For over 30 years, Alex Trebek was welcomed into homes all around the world as they tuned into Jeopardy. Sometimes I thought he acted like a know-it-all but it was difficult not to admire his ability to come on stage five nights a week and make the game of Trivia so interesting. I often wondered if he knew as many answers as he seemed to or if he had the answers in front of him and just acted like he knew them. Over the years, though, I realized he knew a whole LOT more than I did! And he ALWAYS remembered to put the response in the form of a question. It seemed like he became more human after he announced his diagnosis of pancreatic cancer last year. He was more engaged with the contestants and seemed to bond with many of them. The period when James Holzhauer was crushing it every night, you could see that Alex was really enjoying himself. And it was obvious that James had a soft spot in his heart for the host as well. It seemed like the contestants were going out of their way to make Alex’s job more rewarding. After all, he still came on the show every night even while being in extreme pain and after he started treatment. So, when I heard the news of his death on November 8, it felt like I lost a friend. Soon, I would not see him on my TV at 7:30 every weekday night. This was a strange feeling for me as, of course, I did not know him personally and until recently, I wasn’t sure if I even liked him! But as a friend correctly said, “You invited him into your living room five nights a week for many years. Of course, you will miss him.” This is what James wrote after he learned of Alex's passing:


"Alex was so much more than a host. He was an impartial arbiter of truth and facts in a world that needs exactly that. He was someone you could count on to entertain you every weekday, even when his health barely allowed it. And he was an underrated rapper:"




Trebek was born in Ontario, Canada on July 22, 1940 to an immigrant father and a Franco-Ontarian (which is just a fancy way of saying a French-Canadian born in Ontario) mother. His given name was George Alexander Trebek. He graduated from The University of Ottawa with a degree in philosophy. But he knew he wanted a career in broadcasting as he started working for the Canadian Broadcasting Company before he graduated. He moved to the US in 1973 and began a career with NBC on a game show. He went back and forth between NBC and CBS hosting a number of shows and in 1984 worked with Merv Griffin on the revival of Jeopardy! which, as we all know now, turned into a 36-year career for him.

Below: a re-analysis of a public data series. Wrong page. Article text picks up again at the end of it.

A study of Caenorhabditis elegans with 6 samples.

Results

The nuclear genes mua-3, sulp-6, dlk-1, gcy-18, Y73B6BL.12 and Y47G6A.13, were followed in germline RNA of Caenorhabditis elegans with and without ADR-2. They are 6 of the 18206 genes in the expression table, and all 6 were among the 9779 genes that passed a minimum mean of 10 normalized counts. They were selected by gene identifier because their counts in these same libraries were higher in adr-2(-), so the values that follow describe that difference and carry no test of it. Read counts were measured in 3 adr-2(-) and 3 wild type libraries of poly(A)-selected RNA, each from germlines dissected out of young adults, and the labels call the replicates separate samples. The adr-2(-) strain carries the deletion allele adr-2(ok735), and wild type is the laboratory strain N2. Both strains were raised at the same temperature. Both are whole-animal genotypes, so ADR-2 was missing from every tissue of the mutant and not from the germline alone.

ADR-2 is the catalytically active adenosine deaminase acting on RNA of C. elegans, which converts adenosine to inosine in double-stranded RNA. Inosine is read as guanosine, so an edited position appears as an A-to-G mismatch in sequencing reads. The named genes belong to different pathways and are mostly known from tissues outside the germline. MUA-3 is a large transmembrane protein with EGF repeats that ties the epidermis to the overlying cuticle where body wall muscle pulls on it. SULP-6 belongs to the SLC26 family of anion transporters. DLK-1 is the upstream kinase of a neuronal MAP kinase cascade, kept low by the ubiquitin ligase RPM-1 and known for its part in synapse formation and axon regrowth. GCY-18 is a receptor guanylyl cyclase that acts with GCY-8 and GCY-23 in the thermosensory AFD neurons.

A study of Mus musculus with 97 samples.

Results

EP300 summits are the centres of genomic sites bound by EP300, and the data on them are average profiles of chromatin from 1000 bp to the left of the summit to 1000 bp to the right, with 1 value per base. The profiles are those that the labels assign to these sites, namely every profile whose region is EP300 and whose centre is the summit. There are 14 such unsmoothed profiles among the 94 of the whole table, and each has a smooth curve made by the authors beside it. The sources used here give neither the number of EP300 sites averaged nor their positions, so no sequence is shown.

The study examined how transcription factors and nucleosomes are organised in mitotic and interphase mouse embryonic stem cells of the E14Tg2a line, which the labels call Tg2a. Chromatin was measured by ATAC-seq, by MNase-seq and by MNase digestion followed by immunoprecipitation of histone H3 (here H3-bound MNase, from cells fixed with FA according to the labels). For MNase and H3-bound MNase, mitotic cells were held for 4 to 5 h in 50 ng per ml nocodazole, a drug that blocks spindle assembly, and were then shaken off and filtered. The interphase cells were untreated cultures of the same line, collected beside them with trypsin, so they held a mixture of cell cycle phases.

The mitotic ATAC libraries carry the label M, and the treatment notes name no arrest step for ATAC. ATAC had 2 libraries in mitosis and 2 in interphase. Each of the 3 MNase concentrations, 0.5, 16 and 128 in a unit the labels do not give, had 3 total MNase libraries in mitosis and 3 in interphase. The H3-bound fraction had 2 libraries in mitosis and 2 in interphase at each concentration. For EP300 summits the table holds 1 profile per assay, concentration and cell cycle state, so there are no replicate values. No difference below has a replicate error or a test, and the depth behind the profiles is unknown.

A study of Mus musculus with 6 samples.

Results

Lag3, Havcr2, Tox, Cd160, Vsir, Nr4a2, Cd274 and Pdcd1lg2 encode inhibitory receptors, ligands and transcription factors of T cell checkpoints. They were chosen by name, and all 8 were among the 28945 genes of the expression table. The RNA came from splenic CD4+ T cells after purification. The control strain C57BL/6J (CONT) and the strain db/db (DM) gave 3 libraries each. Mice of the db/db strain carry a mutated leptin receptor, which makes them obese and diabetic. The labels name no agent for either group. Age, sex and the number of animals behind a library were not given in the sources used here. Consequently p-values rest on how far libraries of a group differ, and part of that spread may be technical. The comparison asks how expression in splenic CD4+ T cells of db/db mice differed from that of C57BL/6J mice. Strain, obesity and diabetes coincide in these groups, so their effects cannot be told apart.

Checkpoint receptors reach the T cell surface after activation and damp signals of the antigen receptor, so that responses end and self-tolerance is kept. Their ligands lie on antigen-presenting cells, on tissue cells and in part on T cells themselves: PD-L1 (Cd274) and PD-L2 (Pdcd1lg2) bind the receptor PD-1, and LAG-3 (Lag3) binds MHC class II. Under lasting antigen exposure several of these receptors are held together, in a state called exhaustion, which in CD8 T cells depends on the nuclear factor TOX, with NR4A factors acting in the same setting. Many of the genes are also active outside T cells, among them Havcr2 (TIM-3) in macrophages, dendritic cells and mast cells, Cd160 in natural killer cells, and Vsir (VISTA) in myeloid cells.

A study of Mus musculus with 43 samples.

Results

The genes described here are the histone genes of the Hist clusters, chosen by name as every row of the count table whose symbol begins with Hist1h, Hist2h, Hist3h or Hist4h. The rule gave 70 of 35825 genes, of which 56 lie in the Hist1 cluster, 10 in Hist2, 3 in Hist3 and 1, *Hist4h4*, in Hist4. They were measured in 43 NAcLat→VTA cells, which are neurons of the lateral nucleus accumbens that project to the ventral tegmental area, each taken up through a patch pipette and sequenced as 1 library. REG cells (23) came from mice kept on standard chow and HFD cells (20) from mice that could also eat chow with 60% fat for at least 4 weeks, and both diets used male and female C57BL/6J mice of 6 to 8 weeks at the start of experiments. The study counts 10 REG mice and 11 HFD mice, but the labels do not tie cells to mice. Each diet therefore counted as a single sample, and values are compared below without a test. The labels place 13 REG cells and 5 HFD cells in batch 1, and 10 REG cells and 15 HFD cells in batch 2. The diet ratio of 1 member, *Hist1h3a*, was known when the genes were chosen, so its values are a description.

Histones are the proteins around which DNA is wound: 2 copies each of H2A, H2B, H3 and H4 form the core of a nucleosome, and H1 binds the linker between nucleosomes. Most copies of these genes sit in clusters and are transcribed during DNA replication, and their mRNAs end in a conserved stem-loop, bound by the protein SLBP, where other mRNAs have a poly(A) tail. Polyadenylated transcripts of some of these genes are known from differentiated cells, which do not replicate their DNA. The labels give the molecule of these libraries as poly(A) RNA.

Alex has said, “I think what makes Jeopardy! special is that, among all the quiz and game shows out there, ours tends to reward and encourage learning.” I know I am happy if I can get at least two of the questions right during that half hour. But, as a contestant, there is a lot more to it than just knowing stuff. You have to be quick on the buzzer (case in point – just recently, a contestant got every response correct that he was able to buzz in on but he kept losing out at the buzzer to another player and fell behind in the game). The other interesting thing is how some contestants are chosen based on their “likeability”. I never really thought about that until I read how one person tried out three times before they let her on the show – and that was because she really was not very likeable. I remember thinking – yes, that’s why I looked it up – I really didn’t like her! Then there was the contestant many years ago that had such a Valley Girl accent (“I’ll take P’s and Q’s for Two Hunnndddrreed”) I really hoped she would lose. I felt bad about that until I was talking to a friend’s son about the show. Years earlier, he had been a contestant and won three games (yep - smart guy!). During our conversation, he mentioned how he couldn’t watch it when the woman who sounded like a “Valley Girl” was playing – it drove him crazy. So, it wasn’t just me after all!


Christmas Day 2020 will be the last show that Alex will host. I will be watching, all the while knowing that things will never be the same when I turn on the TV at 7:30 pm. RIP Alex, you will be missed.